Part 1 of this series on the early U.S. and Soviet supersonic fighter jets discussed the developments up to and including the YF-100 Super Sabre. Part 2 of the series explains the development of the Douglas XF4D-1 Skyray.
Douglas XF4D-1 Skyray
The design of the Douglas XF4D-1 Skyray was truly an exercise in critical thinking (thinking out of the box).
Its design genesis in many ways was the direct result of groundbreaking work performed by the famed German aerodynamicists, Dr. Alexander M. Lippisch in Delta wing and tailless aircraft design.
The Skyray was afforded the distinction of being the US Navy’s first supersonic (at sea level) carrier-borne interceptor, and in many ways set a precedent in high-speed carrier aircraft design.
The Skyray, designed for the interceptor/fighter role, conformed to its mission requirements in a 1947 paper requirement.
The requirement was stipulated by the US Navy and its pending interest in the Delta wing as a means of achieving supersonic speed for future carrier aircraft.
Douglas engineers, under the guidance from perhaps the most noteworthy of aerodynamicist, Ed Heinemann, A. M. O. Smith, Kermit Vane very and Gene Root, did something revolutionary for fighter jet design:
The engineers elevated the art of aerodynamic design to newer heights, setting a standard for other companies to follow.
The cutting edge technology of the XF4D-1
The XF4D-1 was considered cutting edge at the time. It was tailless in design architecture sporting a wing of a high leading-edge sweep of 52.5° and of low aspect ratio.
XF4D-1 Wing design
It was, however, not considered a true Delta in shape but rather a modified Delta, highly effective in its design.
Its wing root (t/c) (thickness to chord ratio) was held to 7% while its tip (t/c) maintained 3.5%. This further defined its low aspect ratio wing platform.
It was slated to be powered by a Westinghouse XJ40-WE-8 afterburning turbojet.
This unit provided 7,500 lb. of static thrust and up to 10,500 lb. with full after burning.
This power plant would eventually be replaced by the Pratt & Whitney J57-P8a afterburning turbojet. This produced 10,500 lb. of static thrust and 14,500 in full afterburning.
This was due to the stark unreliability of the Westinghouse unit.
Engine inlet design
The XJ40 when used was fed by two triangular side wing root inlets without the benefit of any boundary layer removal control. This was later added to facilitate the use of the J57 turbojet.
One very important design/performance characteristic afforded by its highly swept low aspect ratio modified Delta tailless design was the low wing loading that contributed to its phenomenal climb rate of 18,800 ft./min. and its exceptional maneuverability.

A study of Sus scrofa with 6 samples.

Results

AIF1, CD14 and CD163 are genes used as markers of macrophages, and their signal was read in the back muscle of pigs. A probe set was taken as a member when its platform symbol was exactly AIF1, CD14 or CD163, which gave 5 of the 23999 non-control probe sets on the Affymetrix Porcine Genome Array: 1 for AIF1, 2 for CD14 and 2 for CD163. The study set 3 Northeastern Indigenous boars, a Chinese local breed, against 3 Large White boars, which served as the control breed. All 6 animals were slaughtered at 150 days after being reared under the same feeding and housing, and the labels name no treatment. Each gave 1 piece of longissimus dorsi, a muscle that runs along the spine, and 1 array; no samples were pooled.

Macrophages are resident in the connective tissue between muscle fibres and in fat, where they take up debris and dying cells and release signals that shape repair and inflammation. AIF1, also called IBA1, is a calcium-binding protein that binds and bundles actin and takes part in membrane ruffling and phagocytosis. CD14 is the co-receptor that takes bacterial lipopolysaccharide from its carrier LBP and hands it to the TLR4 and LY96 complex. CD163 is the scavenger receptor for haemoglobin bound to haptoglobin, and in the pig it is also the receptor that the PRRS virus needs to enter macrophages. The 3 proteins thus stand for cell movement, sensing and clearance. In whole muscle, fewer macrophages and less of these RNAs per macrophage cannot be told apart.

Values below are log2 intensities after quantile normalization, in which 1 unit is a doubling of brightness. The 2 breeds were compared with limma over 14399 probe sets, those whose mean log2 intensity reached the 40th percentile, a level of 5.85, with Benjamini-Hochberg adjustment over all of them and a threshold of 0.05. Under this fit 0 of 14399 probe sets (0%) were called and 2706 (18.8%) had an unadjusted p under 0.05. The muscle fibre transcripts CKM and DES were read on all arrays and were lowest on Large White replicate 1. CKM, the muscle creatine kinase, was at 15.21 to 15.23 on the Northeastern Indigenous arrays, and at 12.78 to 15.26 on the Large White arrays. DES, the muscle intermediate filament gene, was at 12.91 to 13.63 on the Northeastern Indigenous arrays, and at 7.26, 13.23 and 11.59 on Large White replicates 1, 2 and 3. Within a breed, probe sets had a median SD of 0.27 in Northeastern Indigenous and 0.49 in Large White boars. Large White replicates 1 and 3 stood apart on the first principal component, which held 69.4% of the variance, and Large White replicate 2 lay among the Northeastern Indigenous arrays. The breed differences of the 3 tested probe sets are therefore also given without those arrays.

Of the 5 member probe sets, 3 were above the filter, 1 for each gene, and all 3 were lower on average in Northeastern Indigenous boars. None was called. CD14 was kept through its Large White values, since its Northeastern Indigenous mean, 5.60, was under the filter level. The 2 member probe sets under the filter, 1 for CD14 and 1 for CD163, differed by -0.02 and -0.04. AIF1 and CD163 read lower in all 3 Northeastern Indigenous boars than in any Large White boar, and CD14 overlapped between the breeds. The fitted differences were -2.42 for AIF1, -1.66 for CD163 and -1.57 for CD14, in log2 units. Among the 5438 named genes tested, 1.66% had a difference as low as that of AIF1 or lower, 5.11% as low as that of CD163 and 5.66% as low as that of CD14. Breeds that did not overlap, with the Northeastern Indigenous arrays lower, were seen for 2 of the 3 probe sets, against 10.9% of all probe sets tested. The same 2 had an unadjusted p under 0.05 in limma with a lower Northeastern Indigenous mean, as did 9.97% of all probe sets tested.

U.S. Navy XF4D-1 contract finalization
The US Navy finalized the contract in December 1949, eventually yielding two prototypes designated by No. 124586 and 124587.
The Skyray began its test flight program on 23 January 1951 without the use of its proposed Westinghouse XJ40-WE-8 turbojet.
This was largely due to its unavailability caused by constant developmental problems encountered with the new Westinghouse unit.
An Allison J35-A-17 non-afterburning turbojet of 5,000 lb. maximum thrust was substituted and placed into prototype 586.
Achieving Mach 1, joining the list of early supersonic fighter jets
It would not be until 16 October 1953 that the Skyray would exceed Mach 1 in level flight at the hands of Lt. Cdr. James B. Verdin.
If the Westinghouse XJ40-WE-8 turbojet conformed to its developmental schedule, the Skyray would have been the first Mach 1 capable aircraft in the world instead of the North American YF-100 Super Sabre.
The Skyray experienced a rather abbreviated carrier deployment. It exposed and initiated its fraternal order of naval aviators to the art of flying and controlling a rather unstable aircraft.
Its Douglas-designed and built flight control system aided in suppressing this anomaly in part, prompting its pilots to fly the Skyray with great skill and care. Yet being careful not to overfly or to overstress the airframe was necessary in this regard.
The nickname for the XF4D-1
The “Ford” as it was affectionally known was quickly eclipsed by more advanced aircraft, falling victim to technology never-ending ascendancy towards perfection.
This design was not only necessary from a technical standpoint but it allowed the United States Navy to display its technical bravado, especially to other branches of the military—namely the US Air Force.
Part 2 of this series on the early U.S. and Soviet supersonic fighter jets discussed the development of the YF-100 Super Sabre. Part 3 of the series will discuss the development of the Soviet Union MIG-19.
Story: ©2020 Thomas E. Gardner. You can contact the author here.
Featured Image: Douglas F-4D-1 Skyray, Los Angeles-area in the background. National Naval Aviation Museum.